An admission: I sometimes find the more radical demands by militant members of exotic sub-categories of ‘LGBT’ a bit irritating. Men who dress as women insisting that we all pretend they’re not men, for example – even if they’re not quite as wearisome as the Democratic Party’s Emily Lau. Mostly, though, we’re all pretty laid back about sexual orientation these days, probably accepting that, like left-handedness, such variations are part of mother nature’s mysterious way. Still, the first time I heard demands for gay marriage, maybe some 15-20 years ago, I couldn’t help thinking: they must be kidding. The concept was, to use an overworked phrase, counter-intuitive.
An unexpectedly big protest against gay marriage and adoption took place in France over the weekend. UK Conservative Party proposals to back full gay marriage have run into a similar sort of reaction from members and activists and outsiders. The ‘anti’ movement in the US is more religiously inspired, but I would guess there are feelings of unease among secular and otherwise moderate people there too. Some of the French protestors manage to present a philosophical objection on grounds of logic or semantics; why do we or the law have separate words for man/father and woman/mother? Among the more empirical-minded Anglos, it is perhaps a gut version of the same feeling: people should be free to be gay and have civil unions and all that, but not to twist everyone else’s reality to their own minority wishes.
That said, opinion surveys suggest that younger people find it easier to get their heads around same-sex marital and family institutions, and the political trend seems fairly steady in that direction. My own acceptance of same-sex marriage/parenthood is more of a shrug. Marriage can be plot to make women sacrifice their aspirations in order to enable a man have both a successful career and wonderful offspring. Or it can be a scam whereby a guy has to start again from scratch after a woman legally takes his kids, home and savings from him. You want to run such risks? Be my guest, whoever you are, with whoever you want. Also, I know of one same-sex couple in Hong Kong bringing up kids in a massively superior environment than that offered by the Mainland orphanage they came from, and there must be many such examples.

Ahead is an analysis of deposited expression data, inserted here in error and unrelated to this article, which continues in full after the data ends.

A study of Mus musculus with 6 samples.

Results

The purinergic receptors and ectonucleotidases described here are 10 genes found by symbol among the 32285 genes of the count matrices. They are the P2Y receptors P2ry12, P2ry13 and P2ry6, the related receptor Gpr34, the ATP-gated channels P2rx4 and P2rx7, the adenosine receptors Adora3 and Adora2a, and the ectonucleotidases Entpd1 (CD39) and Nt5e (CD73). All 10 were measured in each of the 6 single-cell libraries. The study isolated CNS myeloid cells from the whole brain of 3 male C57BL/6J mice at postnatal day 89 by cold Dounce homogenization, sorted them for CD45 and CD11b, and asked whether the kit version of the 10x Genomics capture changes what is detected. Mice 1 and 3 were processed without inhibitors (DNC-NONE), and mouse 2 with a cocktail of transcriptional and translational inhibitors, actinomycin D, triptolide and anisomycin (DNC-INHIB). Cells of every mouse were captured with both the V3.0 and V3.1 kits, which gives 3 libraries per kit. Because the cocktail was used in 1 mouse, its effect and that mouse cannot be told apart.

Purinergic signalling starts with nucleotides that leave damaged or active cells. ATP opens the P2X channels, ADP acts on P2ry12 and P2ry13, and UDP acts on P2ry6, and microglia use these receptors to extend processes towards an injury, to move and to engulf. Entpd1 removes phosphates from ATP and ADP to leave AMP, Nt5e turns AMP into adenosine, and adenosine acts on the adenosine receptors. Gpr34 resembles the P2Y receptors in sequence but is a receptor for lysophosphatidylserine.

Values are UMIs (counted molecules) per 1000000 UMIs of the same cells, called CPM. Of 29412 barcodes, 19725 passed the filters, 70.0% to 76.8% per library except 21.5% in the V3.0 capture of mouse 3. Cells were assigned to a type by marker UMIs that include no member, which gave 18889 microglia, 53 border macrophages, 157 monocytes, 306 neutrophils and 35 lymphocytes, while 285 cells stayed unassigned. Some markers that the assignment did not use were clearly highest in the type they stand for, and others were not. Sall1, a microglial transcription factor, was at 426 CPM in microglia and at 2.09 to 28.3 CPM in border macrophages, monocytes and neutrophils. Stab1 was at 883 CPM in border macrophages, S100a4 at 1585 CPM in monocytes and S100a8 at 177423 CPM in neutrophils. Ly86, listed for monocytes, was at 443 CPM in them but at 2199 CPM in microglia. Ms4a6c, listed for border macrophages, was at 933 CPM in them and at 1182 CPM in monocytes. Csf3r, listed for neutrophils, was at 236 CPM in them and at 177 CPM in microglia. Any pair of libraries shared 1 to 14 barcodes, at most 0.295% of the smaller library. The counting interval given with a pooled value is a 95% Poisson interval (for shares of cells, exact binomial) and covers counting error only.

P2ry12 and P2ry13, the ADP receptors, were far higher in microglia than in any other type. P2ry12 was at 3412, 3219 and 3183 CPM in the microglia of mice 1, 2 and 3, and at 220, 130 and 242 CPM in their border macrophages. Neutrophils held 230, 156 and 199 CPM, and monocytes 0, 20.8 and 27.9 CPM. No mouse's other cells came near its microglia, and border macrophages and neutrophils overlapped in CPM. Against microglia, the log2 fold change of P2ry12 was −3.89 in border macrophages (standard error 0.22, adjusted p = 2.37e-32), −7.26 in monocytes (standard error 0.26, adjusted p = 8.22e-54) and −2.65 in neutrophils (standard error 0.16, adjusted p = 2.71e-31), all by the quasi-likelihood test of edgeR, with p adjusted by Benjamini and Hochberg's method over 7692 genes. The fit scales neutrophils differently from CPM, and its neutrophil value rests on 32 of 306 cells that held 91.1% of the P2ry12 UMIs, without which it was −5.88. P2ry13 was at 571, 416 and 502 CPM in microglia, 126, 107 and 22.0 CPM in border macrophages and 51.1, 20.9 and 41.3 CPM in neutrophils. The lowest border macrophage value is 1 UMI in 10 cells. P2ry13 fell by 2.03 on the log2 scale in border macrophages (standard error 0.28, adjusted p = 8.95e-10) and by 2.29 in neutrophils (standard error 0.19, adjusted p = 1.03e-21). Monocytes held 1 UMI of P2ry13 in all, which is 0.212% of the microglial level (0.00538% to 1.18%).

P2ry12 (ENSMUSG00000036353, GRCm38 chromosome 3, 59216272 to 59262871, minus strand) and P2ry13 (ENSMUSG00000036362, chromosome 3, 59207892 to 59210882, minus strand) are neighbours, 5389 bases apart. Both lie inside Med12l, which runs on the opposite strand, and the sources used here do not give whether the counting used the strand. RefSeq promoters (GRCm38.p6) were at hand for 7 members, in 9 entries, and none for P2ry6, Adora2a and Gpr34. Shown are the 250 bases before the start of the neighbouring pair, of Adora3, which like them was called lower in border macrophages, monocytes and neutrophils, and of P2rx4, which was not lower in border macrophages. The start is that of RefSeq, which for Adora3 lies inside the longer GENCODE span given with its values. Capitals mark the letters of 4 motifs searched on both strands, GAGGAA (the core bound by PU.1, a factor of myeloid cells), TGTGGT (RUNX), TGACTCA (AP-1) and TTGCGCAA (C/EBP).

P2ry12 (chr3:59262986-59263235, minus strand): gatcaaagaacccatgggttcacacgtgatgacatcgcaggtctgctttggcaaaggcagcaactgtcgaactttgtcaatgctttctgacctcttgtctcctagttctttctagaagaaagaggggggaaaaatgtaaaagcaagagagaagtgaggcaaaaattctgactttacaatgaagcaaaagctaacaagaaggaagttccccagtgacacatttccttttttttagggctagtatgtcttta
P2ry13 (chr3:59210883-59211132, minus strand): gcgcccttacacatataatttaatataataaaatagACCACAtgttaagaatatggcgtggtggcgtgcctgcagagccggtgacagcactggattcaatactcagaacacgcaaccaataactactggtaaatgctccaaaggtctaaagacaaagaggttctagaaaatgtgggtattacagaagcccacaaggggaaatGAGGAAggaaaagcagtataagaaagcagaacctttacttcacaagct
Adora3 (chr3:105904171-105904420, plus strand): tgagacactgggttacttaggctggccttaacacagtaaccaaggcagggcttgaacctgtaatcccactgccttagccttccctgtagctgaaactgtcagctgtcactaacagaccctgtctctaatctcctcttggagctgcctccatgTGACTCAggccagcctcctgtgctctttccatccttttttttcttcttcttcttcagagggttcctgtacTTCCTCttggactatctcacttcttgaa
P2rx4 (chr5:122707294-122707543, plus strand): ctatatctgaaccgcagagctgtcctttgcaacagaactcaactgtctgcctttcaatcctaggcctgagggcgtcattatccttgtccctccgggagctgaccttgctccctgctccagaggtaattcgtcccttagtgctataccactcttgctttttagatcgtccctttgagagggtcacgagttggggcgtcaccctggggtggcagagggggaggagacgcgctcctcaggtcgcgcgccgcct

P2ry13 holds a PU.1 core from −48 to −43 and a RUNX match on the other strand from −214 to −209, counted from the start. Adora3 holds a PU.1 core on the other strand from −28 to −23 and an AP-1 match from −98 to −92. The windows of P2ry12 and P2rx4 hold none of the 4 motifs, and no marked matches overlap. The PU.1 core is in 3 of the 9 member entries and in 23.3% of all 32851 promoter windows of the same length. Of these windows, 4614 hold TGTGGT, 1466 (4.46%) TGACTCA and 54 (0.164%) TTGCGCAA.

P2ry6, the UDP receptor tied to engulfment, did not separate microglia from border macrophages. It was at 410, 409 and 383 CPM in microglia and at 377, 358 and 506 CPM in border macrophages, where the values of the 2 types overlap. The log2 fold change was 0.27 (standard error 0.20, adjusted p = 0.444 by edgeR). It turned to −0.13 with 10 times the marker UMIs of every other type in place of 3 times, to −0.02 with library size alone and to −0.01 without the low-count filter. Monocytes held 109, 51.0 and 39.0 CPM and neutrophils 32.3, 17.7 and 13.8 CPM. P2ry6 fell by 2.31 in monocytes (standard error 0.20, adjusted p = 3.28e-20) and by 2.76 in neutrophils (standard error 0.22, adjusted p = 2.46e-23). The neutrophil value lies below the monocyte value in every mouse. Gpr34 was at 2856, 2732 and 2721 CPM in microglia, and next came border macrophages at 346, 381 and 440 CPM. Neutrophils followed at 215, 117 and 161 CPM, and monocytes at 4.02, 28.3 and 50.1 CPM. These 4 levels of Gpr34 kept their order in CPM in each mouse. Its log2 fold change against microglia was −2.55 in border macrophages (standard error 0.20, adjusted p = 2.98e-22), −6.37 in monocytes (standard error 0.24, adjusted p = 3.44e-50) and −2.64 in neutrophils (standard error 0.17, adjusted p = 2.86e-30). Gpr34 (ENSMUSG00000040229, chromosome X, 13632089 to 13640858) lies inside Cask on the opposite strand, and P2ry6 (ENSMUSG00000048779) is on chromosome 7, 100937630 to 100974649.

Most of all, however, I really can’t stand the sort of people who oppose gay marriage on religious/moral grounds. Which brings us to Hong Kong’s rally yesterday – not against gay marriage, not against gay equality of any sort, but against a public consultation on gay equality.
It was a crowd of fundamentalist Christians, including the inevitable Society for Truth and Light. Anticipating that even in Hong Kong’s oh-so-conservative, we-are-Chinese society, the tide of time is turning against them, the Christians are eschewing homophobia in favour of the language of liberty and pluralism. Even the demonstration was called a prayer concert for ‘inclusive love’. And the pastor interviewed on RTHK Radio 3 claimed that it was all about protecting freedom of speech. (He made this claim twice, and the interviewer incredibly failed to follow it up, which makes me wonder whether RTHK is among the government departments that have been infiltrated by the fundamentalists.)
Anything these fundamentalists oppose is probably worth supporting. The word is that Chief Executive CY Leung will broach the possibility of a public consultation on equal rights for sexual minorities in his policy address on Wednesday. Such an exercise is a well-established way to sink a proposal, but it would be fascinating to see how the civil servants would rig this one – through leading questions and spurious concerns about a lack of consensus – without making Hong Kong look idiotic. And this is a subject overseas media would pick up on. Chances are that with housing, air pollution and poverty on the administration’s plate, not even a consultation will happen. Which is a pity, if only to see the Biblical literalists getting worked up.